Fix Immigration. It’s What Voters Want.

Tom Cotton, New York Times, December 28, 2016

Donald J. Trump smashed many orthodoxies on his way to victory, but immigration was the defining issue separating him from his primary opponents and Hillary Clinton. President-elect Trump now has a clear mandate not only to stop illegal immigration, but also to finally cut the generation-long influx of low-skilled immigrants that undermines American workers.

Yet many powerful industries benefit from such immigration. They’re arguing that immigration controls are creating a low-skilled labor shortage.

“We’re pretty much begging for workers,” Tom Nassif, the chief executive of Western Growers, a trade organization that represents farmers, said on CNN. A fast-food chain founder warned, “Our industry can’t survive without Mexican workers.”

These same industries contend that stricter immigration enforcement will further shrink the pool of workers and raise their wages. They argue that closing our borders to inexpensive foreign labor will force employers to add benefits and improve workplace conditions to attract and keep workers already here.

I have an answer to these charges: Exactly.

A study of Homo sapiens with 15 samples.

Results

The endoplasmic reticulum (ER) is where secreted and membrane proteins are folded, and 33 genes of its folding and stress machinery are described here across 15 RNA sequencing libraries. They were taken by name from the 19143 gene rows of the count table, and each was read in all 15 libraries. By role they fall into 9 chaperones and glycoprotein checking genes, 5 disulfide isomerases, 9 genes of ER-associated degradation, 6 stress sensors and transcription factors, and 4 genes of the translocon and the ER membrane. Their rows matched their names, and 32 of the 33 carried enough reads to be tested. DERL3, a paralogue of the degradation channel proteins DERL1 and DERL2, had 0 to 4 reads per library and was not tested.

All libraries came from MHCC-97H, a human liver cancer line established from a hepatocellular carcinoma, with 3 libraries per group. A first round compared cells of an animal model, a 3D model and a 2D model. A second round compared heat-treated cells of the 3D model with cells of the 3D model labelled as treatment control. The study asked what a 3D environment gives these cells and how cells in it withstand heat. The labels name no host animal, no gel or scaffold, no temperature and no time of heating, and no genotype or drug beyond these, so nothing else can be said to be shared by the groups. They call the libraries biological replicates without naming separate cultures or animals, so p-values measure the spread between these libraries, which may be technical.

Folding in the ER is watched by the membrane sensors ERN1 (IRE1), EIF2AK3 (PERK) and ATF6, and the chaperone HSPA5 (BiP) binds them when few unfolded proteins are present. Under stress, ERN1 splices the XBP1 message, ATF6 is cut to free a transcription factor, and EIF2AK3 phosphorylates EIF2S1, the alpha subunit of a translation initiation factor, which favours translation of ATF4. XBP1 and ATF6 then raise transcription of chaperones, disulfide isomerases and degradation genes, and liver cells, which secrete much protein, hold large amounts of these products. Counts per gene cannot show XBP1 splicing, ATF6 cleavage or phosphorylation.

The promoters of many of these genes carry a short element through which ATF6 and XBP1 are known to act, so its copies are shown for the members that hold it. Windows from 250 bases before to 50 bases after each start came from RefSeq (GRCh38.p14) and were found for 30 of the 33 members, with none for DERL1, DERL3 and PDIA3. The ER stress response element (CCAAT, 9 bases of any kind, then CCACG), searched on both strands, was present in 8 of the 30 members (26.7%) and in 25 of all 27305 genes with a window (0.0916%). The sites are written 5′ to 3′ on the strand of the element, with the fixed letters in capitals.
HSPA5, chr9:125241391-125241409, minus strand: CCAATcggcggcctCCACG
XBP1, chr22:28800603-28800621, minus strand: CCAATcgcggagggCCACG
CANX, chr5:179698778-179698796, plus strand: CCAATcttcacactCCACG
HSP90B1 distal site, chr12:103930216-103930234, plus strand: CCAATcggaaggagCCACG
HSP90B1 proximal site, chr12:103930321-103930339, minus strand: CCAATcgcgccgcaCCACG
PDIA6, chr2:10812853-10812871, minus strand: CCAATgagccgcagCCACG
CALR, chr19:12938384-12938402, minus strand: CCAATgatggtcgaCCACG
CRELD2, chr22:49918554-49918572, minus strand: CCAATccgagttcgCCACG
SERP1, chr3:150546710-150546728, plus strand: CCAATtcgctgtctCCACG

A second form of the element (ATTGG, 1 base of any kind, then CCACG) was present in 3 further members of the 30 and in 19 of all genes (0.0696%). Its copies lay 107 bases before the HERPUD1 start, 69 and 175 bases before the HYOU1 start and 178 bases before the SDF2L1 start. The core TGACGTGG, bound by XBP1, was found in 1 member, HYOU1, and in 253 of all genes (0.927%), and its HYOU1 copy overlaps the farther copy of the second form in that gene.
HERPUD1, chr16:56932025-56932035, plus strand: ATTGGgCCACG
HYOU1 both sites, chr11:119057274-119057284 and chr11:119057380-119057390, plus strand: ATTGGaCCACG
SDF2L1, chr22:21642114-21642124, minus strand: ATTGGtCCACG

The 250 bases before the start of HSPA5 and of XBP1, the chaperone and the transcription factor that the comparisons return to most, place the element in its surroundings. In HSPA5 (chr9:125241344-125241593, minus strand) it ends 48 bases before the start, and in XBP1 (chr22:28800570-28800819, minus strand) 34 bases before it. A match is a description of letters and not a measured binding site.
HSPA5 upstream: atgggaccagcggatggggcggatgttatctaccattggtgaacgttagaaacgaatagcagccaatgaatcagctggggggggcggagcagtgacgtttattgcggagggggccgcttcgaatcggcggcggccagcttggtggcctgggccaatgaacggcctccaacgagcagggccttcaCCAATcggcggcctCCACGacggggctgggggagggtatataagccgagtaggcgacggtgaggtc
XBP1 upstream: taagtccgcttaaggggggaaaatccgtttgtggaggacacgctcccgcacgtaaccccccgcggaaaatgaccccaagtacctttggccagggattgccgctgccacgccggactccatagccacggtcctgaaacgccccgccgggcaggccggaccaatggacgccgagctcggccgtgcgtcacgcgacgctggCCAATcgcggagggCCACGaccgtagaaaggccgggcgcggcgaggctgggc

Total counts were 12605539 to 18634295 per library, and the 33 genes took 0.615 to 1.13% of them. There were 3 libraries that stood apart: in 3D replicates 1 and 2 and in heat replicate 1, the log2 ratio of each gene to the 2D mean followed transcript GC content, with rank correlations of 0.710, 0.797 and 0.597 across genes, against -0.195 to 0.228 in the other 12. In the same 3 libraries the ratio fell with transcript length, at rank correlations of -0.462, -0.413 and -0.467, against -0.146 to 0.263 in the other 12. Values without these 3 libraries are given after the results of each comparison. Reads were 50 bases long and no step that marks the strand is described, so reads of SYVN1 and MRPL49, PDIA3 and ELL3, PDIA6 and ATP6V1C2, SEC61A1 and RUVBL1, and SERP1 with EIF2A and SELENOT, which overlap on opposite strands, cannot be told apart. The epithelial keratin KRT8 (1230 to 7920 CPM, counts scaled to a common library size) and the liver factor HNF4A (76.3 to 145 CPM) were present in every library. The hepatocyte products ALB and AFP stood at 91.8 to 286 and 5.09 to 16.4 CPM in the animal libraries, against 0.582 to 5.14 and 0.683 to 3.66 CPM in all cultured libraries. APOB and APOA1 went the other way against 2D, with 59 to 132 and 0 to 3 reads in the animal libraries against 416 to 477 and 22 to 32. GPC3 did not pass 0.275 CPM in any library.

Higher wages, better benefits and more security for American workers are features, not bugs, of sound immigration reform. For too long, our immigration policy has skewed toward the interests of the wealthy and powerful: Employers get cheaper labor, and professionals get cheaper personal services like housekeeping. We now need an immigration policy that focuses less on the most powerful and more on everyone else.



This policy would resemble the immigration systems of Canada and Australia, countries with similar advanced economies. While our system gives priority to reuniting extended families and low-skilled labor, their systems prize nuclear-family reunification and attributes like language skills, education and work experience. A similar system here would allow in immigrants like doctors to work in rural areas while not pushing down working-class wages.